Ever since Yves Cambdeborde set foot in this small bistro off the Boulevard St Germain, people started queuing up for tables. The selling points were – and still are – hearty fare, fair prices and solid selection of wines.
This concept, which was later given the name bistronomique was very much the creation of chefs such as Cambdeborde. Trained under some of France’s greatest chefs, in the most prestigious restaurants, these young cooks didn’t have the money or desire to set up another temple of haute cuisine. Instead, they decided to strip cooking of its unnecessary frills and pomp, to serve food based on superb produce and masterful technique in small, uncomplicated restaurants dotted around Paris. Whilst this doesn’t sound like something all that new to us now, it was quite a revolution in the city, which can claim to have the most expensive restaurants in Europe.
At Le Comptoir du Relais, Cambdeborde started doing something even more different. He served two different sorts of cuisine. At dinner, a single menu, featuring more fancy and elaborate food would showcase his ability as a cook, whilst lunch would bring his native Southwestern cuisine to the capital. Whilst reservations for dinner are still not easy to get, getting a table for lunch mostly means queuing up for quite some time.
Once you do sit down, the menu reads more than well. Lots of cochonailles and other meaty pleasures await the carnivore at Le Comptoir. From charcuterie platters, to several preparations of pig’s head or trotters, you truly find everything there is in a pig on this menu. A few fish and shellfish dishes pop up here and there, but sound much less intriguing than the more meaty ones.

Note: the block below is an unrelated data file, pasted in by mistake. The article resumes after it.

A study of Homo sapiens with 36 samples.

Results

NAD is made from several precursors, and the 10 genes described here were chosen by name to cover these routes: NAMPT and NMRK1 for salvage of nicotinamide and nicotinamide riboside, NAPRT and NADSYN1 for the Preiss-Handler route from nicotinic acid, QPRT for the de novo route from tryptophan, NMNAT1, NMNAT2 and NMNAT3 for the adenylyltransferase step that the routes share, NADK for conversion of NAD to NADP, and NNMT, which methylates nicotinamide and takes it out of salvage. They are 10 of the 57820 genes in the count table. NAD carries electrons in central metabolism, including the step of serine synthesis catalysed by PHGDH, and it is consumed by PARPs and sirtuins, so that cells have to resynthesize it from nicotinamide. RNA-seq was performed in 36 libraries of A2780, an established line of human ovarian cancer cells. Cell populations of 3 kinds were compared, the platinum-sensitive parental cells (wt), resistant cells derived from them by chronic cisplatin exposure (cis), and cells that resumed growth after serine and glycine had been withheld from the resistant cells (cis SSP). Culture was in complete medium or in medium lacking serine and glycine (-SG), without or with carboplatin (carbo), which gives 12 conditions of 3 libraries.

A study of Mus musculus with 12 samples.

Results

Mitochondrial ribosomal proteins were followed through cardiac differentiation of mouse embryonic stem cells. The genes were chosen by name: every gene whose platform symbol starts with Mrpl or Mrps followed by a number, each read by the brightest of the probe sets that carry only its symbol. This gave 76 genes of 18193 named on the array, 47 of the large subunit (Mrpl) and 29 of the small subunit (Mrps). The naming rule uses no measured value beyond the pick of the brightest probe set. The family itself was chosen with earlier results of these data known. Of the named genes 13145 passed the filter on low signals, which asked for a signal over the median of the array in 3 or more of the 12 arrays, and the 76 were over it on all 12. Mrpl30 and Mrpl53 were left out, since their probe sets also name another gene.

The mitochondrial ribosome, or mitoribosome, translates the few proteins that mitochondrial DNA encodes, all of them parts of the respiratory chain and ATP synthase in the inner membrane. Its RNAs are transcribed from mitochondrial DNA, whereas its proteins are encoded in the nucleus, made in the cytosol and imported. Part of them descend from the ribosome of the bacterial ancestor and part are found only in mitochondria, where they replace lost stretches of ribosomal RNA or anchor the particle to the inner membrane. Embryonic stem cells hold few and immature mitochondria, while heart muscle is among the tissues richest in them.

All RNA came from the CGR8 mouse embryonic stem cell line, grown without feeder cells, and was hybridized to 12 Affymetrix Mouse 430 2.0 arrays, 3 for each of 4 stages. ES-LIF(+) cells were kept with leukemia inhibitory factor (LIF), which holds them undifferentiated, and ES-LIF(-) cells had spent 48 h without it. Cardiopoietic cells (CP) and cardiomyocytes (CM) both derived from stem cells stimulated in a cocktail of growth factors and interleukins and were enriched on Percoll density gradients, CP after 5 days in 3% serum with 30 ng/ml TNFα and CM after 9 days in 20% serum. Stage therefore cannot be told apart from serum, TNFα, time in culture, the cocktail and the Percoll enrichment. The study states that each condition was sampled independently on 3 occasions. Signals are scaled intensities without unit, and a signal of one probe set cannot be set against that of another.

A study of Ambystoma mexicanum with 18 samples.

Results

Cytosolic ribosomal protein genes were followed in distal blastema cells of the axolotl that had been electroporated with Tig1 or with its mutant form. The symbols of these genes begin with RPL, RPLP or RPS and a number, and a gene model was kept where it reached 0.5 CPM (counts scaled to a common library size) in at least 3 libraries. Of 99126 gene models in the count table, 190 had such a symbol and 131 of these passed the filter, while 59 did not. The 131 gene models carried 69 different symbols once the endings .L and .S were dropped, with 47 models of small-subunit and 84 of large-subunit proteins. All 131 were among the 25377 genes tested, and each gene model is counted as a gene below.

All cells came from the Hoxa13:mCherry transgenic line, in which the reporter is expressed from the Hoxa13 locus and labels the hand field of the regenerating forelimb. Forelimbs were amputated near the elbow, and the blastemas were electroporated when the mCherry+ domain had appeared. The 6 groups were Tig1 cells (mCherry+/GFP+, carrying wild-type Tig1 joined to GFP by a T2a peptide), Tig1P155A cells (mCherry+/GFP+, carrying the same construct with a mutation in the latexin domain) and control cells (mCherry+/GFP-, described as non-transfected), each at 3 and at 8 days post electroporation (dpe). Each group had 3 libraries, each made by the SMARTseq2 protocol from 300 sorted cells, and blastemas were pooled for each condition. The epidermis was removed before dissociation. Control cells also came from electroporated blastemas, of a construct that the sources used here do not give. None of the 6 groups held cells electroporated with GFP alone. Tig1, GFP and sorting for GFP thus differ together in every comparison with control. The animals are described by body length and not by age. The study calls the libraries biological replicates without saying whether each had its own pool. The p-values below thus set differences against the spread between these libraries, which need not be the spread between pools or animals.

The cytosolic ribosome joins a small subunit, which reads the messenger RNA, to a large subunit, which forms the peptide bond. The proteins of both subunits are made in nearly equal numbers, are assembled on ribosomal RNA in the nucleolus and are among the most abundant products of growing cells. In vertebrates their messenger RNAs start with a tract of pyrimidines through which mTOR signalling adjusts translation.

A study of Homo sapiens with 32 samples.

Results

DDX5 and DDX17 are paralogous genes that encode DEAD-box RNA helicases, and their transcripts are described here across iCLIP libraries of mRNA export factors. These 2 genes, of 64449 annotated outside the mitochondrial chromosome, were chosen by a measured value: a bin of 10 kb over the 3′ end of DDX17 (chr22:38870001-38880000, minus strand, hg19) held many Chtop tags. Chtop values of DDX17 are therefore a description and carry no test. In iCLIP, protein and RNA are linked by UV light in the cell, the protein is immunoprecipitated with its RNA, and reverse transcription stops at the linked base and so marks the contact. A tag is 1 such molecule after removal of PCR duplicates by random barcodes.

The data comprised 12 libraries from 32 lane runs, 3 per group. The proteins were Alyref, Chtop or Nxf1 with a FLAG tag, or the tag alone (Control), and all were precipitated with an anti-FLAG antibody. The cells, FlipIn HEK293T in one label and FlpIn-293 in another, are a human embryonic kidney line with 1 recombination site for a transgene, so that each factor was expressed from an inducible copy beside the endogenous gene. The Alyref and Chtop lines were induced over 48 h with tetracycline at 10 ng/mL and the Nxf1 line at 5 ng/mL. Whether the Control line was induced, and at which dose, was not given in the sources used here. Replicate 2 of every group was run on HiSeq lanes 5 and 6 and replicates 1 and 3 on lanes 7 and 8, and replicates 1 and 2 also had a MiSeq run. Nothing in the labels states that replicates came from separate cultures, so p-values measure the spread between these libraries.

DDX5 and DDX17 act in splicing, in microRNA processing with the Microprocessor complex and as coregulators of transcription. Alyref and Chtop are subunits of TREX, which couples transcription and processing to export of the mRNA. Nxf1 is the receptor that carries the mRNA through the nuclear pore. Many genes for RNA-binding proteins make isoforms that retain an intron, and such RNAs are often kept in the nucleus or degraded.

If the Parisians decried Le Comptoir as having become a tourist trap, one thing that has to be said in its favour is the fact that the pork dishes served here still are delicious. A pig’s head carpaccio with cockles for instance is superb. Lots of gelatinous bits, barely cooked cockles and a hearty vinaigrette make this an ideal starter. The same can be said for a terrine of pot au feu, which even if it doesn’t have much pork in it, still does all it is supposed to. Tender bits of meat, full of flavour, a bit of horseradish on the side and a little lettuce heart is all one needs on such a plate. Even better is a sinfully rich and delicious breaded and fried de-boned pig’s trotter. This must any gourmand‘s idea of heaven, or something close to it.
Unfortunately, the Parisians do have a point. In some cases one feels Cambdeborde and his restaurant have become a bit of a tourist attraction. A special of veal with “fresh” peas is tasty, but the peas are frozen. Perhaps that would be the freshest you’d get in some little Caribbean village, but in Paris, one ought to find peas of decent quality in early May. Such things feel like the soul of the restaurant has somewhat been lost. Nothing is wrong with the food itself, but if the product quality is so low, one cannot help but walk away with mixed feelings.
In the end, it might be better to move on to one of the more recently established bistronomiques, which still follow those ideas of Cambdeborde more or less to the letter.